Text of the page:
One of the major changes in Swift 4.2 is a change to the calling convention. But what exactly does that mean? Why is it important and why would you want to change it?
The calling convention specifies how subroutines (e.g., functions) should receive their arguments, the order of those arguments, and how they should return a result. It also specifies how to setup the registers and the call stack when calling a subroutine — where arguments are stored, how return values are passed back, and how to restore the state of the registers and memory when the function returns. There is plenty more to consider here, but this gives you the general idea of what a calling convention defines. All of this requires a specific contract between the caller and the callee, so that each knows which instructions it is responsible for executing. This is a key component to ensuring programs execute correctly.
At a higher level, the calling convention defines if and when parameters are pass-by-reference or pass-by-value. It also defines the ownership conventions about parameter values — in the case of Swift, who is responsible for retaining and releasing them, and when? The caller or the callee? This is what changed in Swift 4.2.
An aside: there’s an in-depth Calling Convention doc in the main Swift that explores this topic in detail. While it has not been updated for 2 years, much of the information is still relevant. Be aware that there may be some errors in any sections that attempt to describe Swift’s current behavior.
What changed in Swift 4.2?
Swift uses a reference-counted memory model and provides automatic memory management via ARC like Objective-C. This means these changes to calling convention in Swift are totally hidden from the user, since the compiler inserts the calls needed to retain and release objects.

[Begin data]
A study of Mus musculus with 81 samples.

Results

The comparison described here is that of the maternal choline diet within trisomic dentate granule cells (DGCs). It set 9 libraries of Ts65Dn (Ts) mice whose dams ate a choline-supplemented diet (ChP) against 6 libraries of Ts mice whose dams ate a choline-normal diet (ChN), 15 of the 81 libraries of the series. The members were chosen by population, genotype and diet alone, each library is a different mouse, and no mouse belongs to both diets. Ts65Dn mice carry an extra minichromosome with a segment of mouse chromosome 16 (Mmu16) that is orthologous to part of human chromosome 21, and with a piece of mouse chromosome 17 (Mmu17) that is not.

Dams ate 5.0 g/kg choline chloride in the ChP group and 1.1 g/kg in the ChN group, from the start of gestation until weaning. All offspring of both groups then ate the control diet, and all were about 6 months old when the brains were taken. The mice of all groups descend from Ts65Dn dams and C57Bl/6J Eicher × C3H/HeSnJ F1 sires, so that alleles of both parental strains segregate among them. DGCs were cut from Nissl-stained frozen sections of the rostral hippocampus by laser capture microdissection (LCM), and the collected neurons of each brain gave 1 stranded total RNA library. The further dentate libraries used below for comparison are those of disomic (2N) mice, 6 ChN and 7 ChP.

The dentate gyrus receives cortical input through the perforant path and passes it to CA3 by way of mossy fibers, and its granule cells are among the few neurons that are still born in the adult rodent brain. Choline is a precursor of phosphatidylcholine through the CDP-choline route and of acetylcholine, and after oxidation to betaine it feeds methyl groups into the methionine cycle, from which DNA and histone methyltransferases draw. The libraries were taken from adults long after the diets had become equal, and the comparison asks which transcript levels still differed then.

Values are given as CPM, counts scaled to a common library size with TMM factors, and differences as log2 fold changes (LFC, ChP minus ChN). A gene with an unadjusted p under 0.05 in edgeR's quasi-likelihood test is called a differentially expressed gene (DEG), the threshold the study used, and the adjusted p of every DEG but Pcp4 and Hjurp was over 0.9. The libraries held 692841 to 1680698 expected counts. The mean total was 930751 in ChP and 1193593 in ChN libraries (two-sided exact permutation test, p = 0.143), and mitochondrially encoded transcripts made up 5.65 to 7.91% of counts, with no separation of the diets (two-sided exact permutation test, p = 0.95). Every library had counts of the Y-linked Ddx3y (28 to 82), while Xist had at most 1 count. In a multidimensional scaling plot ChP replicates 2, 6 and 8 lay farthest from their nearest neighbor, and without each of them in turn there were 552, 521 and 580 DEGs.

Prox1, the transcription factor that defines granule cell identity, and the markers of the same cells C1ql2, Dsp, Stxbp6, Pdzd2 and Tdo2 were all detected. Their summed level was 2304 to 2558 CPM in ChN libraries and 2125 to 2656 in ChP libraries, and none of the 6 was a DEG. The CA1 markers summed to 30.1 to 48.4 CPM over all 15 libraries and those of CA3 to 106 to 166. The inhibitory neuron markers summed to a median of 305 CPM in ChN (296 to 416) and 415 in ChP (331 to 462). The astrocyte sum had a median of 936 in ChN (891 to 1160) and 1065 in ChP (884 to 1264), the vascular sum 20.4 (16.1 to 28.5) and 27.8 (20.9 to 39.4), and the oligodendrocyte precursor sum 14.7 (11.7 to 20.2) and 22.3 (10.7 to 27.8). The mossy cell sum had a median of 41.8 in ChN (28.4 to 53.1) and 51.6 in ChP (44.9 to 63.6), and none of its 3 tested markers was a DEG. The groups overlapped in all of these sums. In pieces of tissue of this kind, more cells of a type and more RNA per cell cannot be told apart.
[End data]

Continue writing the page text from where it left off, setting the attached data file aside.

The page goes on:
In the talk, Ted provides the following examples to illustrate the calling convention prior to Swift 4.2, “callee-owned”. When an object is created, it has a +1 reference count. However, when passed to a function call, it’s the obligation of that function to release the object.
In practice, we can see how this can produce a lot of superfluous, wasteful retain and release calls. (Note that the initial reference count is balanced by the final function call.)
In Swift 4.2, the convention has changed to “Guaranteed”.
It is no longer the callee’s responsibility to release the object. So, all of the superfluous retains and releases go away. Ted notes in the talk that this significant reduction in retain and release traffic results in a code size reduction as well as a runtime performance improvement, because all those calls have been removed.
Calling non-inlinable functions in other modules
What’s more interesting with this change is the case of calling non-inlinable functions across module boundaries. Michael Gottesman shared this gist on Twitter to explain. I doubt many people saw that Tweet, so I wanted to highlight it. I’ve reproduced the gist below:
That’s an edge case to which I hadn’t given much thought. In the old convention (“callee-owned”), it was not possible to perform this retain/release traffic optimization across modules — there wasn’t enough information, not to mention everyone needs to follow the convention. The result was slower code. But now that the retains and releases are the responsibility of the caller, not the callee, the optimizer can eliminate all of the retain/release traffic to produce optimal code.
I love reading about these kinds of performance improvements, and there are many in Swift 4.2.